You should get a handle on your budget before deciding to buy your first car… really? And you should book a test drive before signing on the dotted line? You don’t say!
If you’re tired of looking for helpful advice about buying your first car and just end up reading something that should really be titled “The 10 most obvious car-buying tips you’ve already worked out on your own”, then this is for you! Behold: some darn good advice you’ve probably never heard.
Now that Christmas and the holiday season has bankrupt the nation yet again, car-dealers who still need to hit targets and pay salaries are guaranteed to have rolled out the whopper deals. Just look at some of our own specials that are an absolute steal (literally; if you buy a Bolt, we’ll give you R15 000).
As a bonus, if there’s one way to ensure you stick to your New Year’s Resolution to spend your money more wisely, it’s this. A car is a far better investment than… say, what were you spending all your surplus cash on? Coffee at the café on campus, online subscriptions you never use, rounds for your chommies that they won’t even remember drinking (much less that you bought them)? Exactly.
This doesn’t mean you shouldn’t buy a good car… only that you should make sure you understand what’s a good car, for you. A luxury vehicle for an unbelievably low promotional price may look good now… until you need to fork out for maintenance and parts, not to mention the 4x4 fuel bill! Your first car probably doesn’t need to be music-video-worthy. It just needs to get you from home to work and back again without sucking up the majority of the money you just earned.
Even a good starter car can put you out of pocket, when there’s an exciting array of optional features to choose from. That doesn’t mean you should boycott anything above the standard offering, but make sure you can afford it and that it’s worth it. Also, avoid any hi-tech add-ons. They’ll be outdated long before you’re done paying them off and many of them can be replaced by store-bought devices that sell for a fraction of the price.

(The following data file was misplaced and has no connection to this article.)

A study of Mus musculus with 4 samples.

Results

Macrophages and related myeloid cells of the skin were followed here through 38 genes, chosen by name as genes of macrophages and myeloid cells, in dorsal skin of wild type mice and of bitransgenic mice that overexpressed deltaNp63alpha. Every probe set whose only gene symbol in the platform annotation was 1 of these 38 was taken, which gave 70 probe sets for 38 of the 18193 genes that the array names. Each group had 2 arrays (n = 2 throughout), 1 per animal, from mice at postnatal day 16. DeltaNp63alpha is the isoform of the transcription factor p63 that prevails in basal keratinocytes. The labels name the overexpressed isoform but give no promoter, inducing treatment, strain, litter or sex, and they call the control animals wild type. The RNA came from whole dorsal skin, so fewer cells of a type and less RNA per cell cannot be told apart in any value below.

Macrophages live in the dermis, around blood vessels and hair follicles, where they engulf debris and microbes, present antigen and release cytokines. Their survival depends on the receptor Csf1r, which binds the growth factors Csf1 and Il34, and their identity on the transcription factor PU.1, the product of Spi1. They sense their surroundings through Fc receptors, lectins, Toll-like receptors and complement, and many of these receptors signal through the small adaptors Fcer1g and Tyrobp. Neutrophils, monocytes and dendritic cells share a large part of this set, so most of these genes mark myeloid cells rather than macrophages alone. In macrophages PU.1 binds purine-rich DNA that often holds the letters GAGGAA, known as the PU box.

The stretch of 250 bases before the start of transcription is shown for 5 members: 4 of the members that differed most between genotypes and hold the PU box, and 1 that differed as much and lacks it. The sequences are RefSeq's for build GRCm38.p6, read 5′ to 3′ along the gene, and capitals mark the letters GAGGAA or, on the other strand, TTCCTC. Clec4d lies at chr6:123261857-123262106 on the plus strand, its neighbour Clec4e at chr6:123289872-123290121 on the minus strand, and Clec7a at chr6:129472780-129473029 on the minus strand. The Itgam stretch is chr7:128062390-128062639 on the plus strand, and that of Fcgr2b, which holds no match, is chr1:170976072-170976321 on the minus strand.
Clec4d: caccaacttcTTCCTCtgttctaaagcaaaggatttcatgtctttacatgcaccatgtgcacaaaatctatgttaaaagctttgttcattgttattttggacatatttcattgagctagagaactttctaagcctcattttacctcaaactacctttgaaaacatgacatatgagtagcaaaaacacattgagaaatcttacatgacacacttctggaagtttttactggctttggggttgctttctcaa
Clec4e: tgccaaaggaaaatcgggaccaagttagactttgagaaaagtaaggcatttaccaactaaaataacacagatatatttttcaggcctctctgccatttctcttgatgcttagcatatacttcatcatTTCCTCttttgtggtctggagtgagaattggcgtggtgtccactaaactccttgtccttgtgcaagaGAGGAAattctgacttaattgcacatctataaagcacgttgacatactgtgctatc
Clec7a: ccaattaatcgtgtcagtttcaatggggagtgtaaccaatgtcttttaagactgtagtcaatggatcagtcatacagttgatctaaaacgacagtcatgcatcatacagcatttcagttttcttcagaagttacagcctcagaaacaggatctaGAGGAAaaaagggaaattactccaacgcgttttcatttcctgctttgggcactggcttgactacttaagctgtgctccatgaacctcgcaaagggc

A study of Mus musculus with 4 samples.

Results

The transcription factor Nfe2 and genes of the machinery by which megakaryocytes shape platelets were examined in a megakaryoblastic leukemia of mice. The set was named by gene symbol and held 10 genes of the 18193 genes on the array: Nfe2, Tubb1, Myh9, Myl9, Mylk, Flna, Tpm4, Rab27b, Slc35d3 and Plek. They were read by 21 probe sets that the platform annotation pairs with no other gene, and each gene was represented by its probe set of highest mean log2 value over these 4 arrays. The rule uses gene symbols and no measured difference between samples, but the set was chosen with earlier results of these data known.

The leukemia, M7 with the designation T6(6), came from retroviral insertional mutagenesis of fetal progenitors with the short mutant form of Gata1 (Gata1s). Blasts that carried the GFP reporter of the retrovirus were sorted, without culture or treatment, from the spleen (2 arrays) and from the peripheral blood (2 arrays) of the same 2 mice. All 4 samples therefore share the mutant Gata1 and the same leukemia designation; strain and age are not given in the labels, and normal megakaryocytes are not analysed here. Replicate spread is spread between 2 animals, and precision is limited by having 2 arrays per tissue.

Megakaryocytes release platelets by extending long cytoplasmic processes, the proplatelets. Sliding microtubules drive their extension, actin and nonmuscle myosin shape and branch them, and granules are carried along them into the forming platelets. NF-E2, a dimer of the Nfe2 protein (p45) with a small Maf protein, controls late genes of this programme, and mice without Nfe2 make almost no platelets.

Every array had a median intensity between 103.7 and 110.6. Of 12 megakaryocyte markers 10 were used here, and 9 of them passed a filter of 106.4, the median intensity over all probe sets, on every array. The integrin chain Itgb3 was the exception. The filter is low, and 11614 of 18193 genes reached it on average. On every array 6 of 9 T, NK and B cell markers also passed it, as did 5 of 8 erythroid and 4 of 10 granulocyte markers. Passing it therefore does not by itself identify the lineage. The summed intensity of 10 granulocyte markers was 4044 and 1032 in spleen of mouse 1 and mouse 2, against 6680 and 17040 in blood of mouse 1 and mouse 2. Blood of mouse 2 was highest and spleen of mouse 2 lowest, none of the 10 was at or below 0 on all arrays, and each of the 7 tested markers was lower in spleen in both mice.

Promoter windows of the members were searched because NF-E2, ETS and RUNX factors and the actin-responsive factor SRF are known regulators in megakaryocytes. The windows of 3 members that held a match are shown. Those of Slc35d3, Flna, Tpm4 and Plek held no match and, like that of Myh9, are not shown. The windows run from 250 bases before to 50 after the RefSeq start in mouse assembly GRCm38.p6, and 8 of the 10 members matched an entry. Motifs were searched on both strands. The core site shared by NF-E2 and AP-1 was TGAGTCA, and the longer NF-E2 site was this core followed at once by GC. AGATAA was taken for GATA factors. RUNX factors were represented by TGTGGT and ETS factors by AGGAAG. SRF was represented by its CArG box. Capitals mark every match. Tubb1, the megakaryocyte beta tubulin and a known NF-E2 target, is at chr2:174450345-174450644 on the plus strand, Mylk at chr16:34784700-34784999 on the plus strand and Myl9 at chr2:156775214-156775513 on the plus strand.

This is a common trap people fall into to help justify their desire for additional features, or more expensive cars they don’t really need. The truth is, the resale value matters very little with your first car. In fact, many financial experts like this one recommend driving it until the wheels fall off. Why? Cars drop a huge chunk in value the minute you drive them off the lot, and more than half over the next 3-5 years. However, your first car can probably keep you going for another decade, which equals to roughly nine years free of car payments. Just imagine what you could do with that extra money instead of taking a hit for a new set of wheels every few years!
Make sure the car you buy leaves enough in your budget for insurance and other essentials, like maintenance and services, new tyres, repairs, and towing and AA in case you break down. Some car brands and dealers do sell their cars with additional free value-added services, like TATA Touch, which will make sure you’re never stranded and will help you maintain your car in good condition, so it can take you further. Isn’t that really all you want from a car?